For some Trad climbers, placing cams can be more nuanced and less obvious than a sinker large nut in a perfect constricting crack.
Common myths and absolute rules of using a cam can also lead to misunderstandings. Remember, there are few absolute rules to placing gear, think of them more as best practice guidelines as opposed to hard and fast rules.
Below I have listed some of the misconceptions about cams I’ve heard and occasions when its appropriate to break the rules.
You can’t place cams in The Burren
Limestone is considered a soft rock. Not the kind of soft that you can take ground falls and be happy, but soft in that its top layers or microns are softer than that of granite or quartzite.
If I have the choice between a nut and a cam, I’ll probably use a nut every time. But if I have the choice between a cam or no gear at all, I’m clearly going to try a cam.
When looking to place cams in limestone, we should allow for the softer nature of the rock and treat our cams a little more like passive pro than active pro.
We should look for the constrictions and rugosities that exist on limestone cracks and we should attempt to place our cams into the crack where its wide, sliding the lobes behind the knuckles or constrictions.
Find those constrictions
When done right, this makes the placement not only reliant on the active camming of the lobes. but also the passive piece of metal is just too big to squeeze out of the crack. I find I even adopt this technique on all rock types now, optimising placements.
On routes like Nutrocker, where the crux crack is very uniform and highly polished, I think we have to work harder on limestone to find an optimal placement than if the rock was granite.
A technique I use on limestone is to imagine a thin layer of ice covering the walls of the crack. That forces me to seek out the above-mentioned constrictions rather than just rely on the cam working as it normally would.
Failing that I just seek out the deepest possible placement without inserting the trigger. This at least allows the lobes more opportunity to hold.
Theres plenty of good nut placements on Nutrocker anyway, so it’s not like we have to rely on a cam, but most people know the climb and it serves well to visualise the rock surface.
You cant place Cams in horizontal cracks
This came up recently on an RCI training course I was running. One of the trainees had been admonished by a climbing partner for placing a cam in a horizontal crack.
In fairness, this was a thing when the stems of cams were rigid metal and there was a potential for the stem to crack off the edge of the crack under load.
This is way less of an issue these days as manufacturers have gone to great lengths to engineer flexible stems from spun wires.
Wider Lobes always on the bottom
When using cams we should always aim to use the wider outside lobes on the widest area of the rock. Think about lobes as legs. If we adopt a wide legged stance it’s hard to push us off balance, but if we stand with a narrow stance, it’s much easier to be unbalanced.
Especially on horizontal cracks of a uniform nature we ideally want the wider outside lobes to be on the bottom side of the crack. This is the most desirable outcome, as it leads to less walking, more stability and spreads the load better.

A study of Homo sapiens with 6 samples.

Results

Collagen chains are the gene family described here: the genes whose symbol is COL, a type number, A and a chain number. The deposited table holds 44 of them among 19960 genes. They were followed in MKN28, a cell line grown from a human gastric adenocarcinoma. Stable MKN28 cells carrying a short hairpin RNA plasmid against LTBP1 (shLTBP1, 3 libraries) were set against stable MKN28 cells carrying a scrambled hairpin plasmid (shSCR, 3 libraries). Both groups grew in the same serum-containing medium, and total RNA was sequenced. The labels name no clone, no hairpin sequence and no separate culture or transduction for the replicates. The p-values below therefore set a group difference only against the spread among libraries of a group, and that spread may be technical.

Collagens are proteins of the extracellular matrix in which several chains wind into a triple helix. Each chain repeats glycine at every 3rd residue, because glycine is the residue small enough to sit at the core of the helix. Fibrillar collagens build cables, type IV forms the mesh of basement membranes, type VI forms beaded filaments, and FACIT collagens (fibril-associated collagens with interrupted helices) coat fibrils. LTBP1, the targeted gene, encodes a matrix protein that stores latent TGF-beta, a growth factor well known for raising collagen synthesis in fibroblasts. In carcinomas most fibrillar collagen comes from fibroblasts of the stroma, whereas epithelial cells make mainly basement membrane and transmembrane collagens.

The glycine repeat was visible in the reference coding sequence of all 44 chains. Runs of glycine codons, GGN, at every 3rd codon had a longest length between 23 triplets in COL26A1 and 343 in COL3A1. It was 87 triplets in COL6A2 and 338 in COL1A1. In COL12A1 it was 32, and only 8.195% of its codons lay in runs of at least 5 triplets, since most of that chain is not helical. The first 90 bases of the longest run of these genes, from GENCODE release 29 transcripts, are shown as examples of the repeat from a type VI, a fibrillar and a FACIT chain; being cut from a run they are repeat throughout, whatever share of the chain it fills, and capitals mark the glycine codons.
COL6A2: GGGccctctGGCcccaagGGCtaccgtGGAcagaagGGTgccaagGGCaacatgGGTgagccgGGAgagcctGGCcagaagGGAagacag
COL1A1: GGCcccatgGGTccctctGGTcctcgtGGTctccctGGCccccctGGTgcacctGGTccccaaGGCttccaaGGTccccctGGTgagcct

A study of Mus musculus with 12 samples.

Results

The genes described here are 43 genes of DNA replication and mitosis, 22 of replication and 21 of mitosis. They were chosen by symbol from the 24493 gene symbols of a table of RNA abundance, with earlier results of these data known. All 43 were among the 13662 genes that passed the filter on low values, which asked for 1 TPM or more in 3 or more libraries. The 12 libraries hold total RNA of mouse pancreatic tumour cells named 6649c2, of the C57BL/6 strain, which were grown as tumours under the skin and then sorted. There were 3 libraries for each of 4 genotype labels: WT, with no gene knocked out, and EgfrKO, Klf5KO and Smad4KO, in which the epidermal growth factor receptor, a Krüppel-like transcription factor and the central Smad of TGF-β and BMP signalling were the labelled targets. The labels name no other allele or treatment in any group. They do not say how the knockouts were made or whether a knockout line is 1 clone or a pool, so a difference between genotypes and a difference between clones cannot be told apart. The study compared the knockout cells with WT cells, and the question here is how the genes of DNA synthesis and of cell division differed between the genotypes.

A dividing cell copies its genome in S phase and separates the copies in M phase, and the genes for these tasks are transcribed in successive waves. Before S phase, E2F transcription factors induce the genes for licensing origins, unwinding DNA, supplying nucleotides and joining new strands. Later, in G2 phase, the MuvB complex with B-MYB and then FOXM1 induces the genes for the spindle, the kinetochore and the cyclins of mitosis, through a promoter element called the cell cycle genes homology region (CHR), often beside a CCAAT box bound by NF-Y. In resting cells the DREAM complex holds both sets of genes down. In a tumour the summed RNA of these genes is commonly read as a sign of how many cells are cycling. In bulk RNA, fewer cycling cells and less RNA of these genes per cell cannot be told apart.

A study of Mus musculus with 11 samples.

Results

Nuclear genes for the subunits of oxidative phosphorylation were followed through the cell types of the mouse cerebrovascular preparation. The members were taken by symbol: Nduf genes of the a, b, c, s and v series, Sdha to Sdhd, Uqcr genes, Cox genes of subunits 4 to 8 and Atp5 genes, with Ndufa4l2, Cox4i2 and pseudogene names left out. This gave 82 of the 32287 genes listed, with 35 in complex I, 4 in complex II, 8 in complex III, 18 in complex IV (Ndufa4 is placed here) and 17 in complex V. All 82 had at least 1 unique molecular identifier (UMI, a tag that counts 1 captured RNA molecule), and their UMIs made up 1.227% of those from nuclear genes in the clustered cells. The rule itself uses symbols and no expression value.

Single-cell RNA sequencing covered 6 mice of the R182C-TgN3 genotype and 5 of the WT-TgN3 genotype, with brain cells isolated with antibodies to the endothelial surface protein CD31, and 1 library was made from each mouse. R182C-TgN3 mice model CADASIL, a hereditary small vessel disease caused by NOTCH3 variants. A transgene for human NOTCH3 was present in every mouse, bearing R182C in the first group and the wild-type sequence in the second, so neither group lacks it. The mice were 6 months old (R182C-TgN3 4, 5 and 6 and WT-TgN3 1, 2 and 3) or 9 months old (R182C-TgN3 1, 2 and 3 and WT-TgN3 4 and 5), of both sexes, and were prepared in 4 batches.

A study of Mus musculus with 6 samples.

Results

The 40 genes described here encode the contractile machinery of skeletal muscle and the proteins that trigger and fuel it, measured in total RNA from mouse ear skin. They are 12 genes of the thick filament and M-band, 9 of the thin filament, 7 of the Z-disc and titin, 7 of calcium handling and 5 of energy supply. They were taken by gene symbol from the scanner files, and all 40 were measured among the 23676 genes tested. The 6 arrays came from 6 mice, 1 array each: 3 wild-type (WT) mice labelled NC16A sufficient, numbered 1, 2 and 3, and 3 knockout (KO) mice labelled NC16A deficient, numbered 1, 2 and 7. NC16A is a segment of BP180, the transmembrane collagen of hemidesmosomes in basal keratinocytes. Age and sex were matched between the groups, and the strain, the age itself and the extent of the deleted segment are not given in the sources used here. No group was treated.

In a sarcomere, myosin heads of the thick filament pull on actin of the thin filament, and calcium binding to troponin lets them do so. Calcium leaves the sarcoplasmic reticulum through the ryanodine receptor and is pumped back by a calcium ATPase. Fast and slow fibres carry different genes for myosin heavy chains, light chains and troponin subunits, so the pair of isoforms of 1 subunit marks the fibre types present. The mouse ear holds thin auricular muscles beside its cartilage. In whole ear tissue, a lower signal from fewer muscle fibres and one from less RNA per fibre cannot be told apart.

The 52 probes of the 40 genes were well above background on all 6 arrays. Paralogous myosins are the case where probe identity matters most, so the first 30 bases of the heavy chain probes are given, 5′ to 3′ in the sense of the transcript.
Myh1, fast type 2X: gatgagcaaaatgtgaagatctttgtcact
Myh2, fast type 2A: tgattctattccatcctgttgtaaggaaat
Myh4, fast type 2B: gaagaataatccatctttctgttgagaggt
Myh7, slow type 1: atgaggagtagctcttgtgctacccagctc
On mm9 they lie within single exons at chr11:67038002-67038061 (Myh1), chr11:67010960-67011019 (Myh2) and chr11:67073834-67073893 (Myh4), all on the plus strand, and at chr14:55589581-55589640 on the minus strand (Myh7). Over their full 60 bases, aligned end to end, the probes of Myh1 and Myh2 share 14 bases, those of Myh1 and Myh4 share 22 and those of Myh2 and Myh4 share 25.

Exceptions to the rule
However, we dont always get presented with a perfect uniform crack and there are always exceptions to the rules. The opening or “mouth” of a horizontal crack can be flared and funky for example.
In the photo above, the cam just won’t slide anymore inside the crack when the wider lobes are on the bottom (A). Whereas using the same cam with the wide lobes pointing upwards it slides much further inside the crack (B) and ultimately looks to be the better placement.
In an instance where the top edge of the horizontal crack may extend wider than the bottom edge of the crack, it can happen that an “upside down” cam placement is the best option to achieve surface area contact for the cam lobes.
How the lobes are making contact can sometimes rank higher than which way the wide lobes are orientated.
You cant use a cam in a bottom rope anchor
While cams can walk or their placement be altered by a moving rope, they are acceptable to use as an anchor, if an alternative isn’t available.
Yes, if you’re setting up a bottom rope anchor, the anchors will be out of sight when in use, so ideally its highly preferable to use a sling, nut or hex, but we dont always get preferable choices and have to use whats there.
Maybe by equalizing two side by side cam placements with a sling, into a singular anchor point, we can lessen the potential for walking or movement, obviously used as a part of a bigger anchor set up.
For example, trying to set up a bottom rope on the popular Cronin’s Crack without cams will have you exploring.
All 4 Lobes must be touching the rock.
4 points of contact are the best. 3 points of contact can be fine, but you want it to be the two wide outside lobes camming and possibly sacrifice one of the inside lobes
I once placed a small cam on a route called Sunken Business in The Gap. Only 3 lobes were in contact, with one of the outside lobes hanging in free air, but it was all that I could find to place at the time and the only piece between me and the ground.
I continued to climb and actually reached a positive hold, but couldn’t take my mind off what looked like a funky cam placement, I freaked out a bit, started to downclimb, slipped, fell and thanks to great belaying and 3 lobes I stopped about 1 inch off the ground.
It was a weird way to learn a lesson but a lesson learnt all the same.
I dont recommend testing your gear this way if possible though.
I hope the above info is useful. If you would like to discuss any aspect further, please get in touch and we can chat.